Towards Property Tax Compliance
Jamaica’s property tax compliance rate has consistently been described as “low,” “dismal,” and “inadequate.” Its performance is of utmost importance to the country since the tax is primarily used to fund local services including the provision of roads, road repairs, garbage collection, and the maintenance of streetlights.
This study investigates property tax compliance in Jamaica over the financial years 2010–2011 to 2015–2016 using data from a survey. The survey was designed to address two issues, specifically:
1. Jamaicans’ attitude toward property tax, and
2. The effect of fairness, deterrence, and public shame on self-reported willingness to comply with the property tax.
As such, the survey instrument featured an attitude survey along with an experiment, testing the responses to the variables of fairness, deterrence and public shame. The results of the survey were then merged with the actual property tax behaviour of respondents and analyzed spatially in a geographic information system (GIS).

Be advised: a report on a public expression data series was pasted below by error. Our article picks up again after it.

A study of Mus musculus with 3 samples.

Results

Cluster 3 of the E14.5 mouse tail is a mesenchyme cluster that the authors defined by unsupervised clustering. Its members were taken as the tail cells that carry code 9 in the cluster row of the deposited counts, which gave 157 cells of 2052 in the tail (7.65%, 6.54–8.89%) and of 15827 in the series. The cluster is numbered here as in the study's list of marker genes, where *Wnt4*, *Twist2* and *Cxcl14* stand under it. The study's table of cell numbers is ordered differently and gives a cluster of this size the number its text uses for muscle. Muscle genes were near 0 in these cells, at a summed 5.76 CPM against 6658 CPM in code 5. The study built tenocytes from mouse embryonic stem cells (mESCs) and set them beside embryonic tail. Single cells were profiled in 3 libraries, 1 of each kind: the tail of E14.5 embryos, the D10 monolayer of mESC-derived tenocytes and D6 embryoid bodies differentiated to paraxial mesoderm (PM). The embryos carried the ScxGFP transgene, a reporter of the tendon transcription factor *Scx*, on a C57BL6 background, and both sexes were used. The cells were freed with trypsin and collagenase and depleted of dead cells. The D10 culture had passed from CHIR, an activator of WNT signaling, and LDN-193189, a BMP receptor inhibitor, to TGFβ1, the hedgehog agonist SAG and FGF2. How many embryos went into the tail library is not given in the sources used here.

The results of the study suggest, inter alia, Jamaica’s property tax compliance rate may be higher than previously reported, survey respondents generally had a compliant attitude towards the property tax and highlights the need for an accounting system that can effectively monitor property tax collections and enforcement. It was also noted that penalties and interest charges were applied ultra vires the Property Tax Act 1903.
Our findings also entail a discussion on four property tax attitude-behaviour profiles of respondents and highlight the need for a common spatial data infrastructure across government departments. Finally, the study conveys the need to elicit potential latent trends of the investigated phenomenon.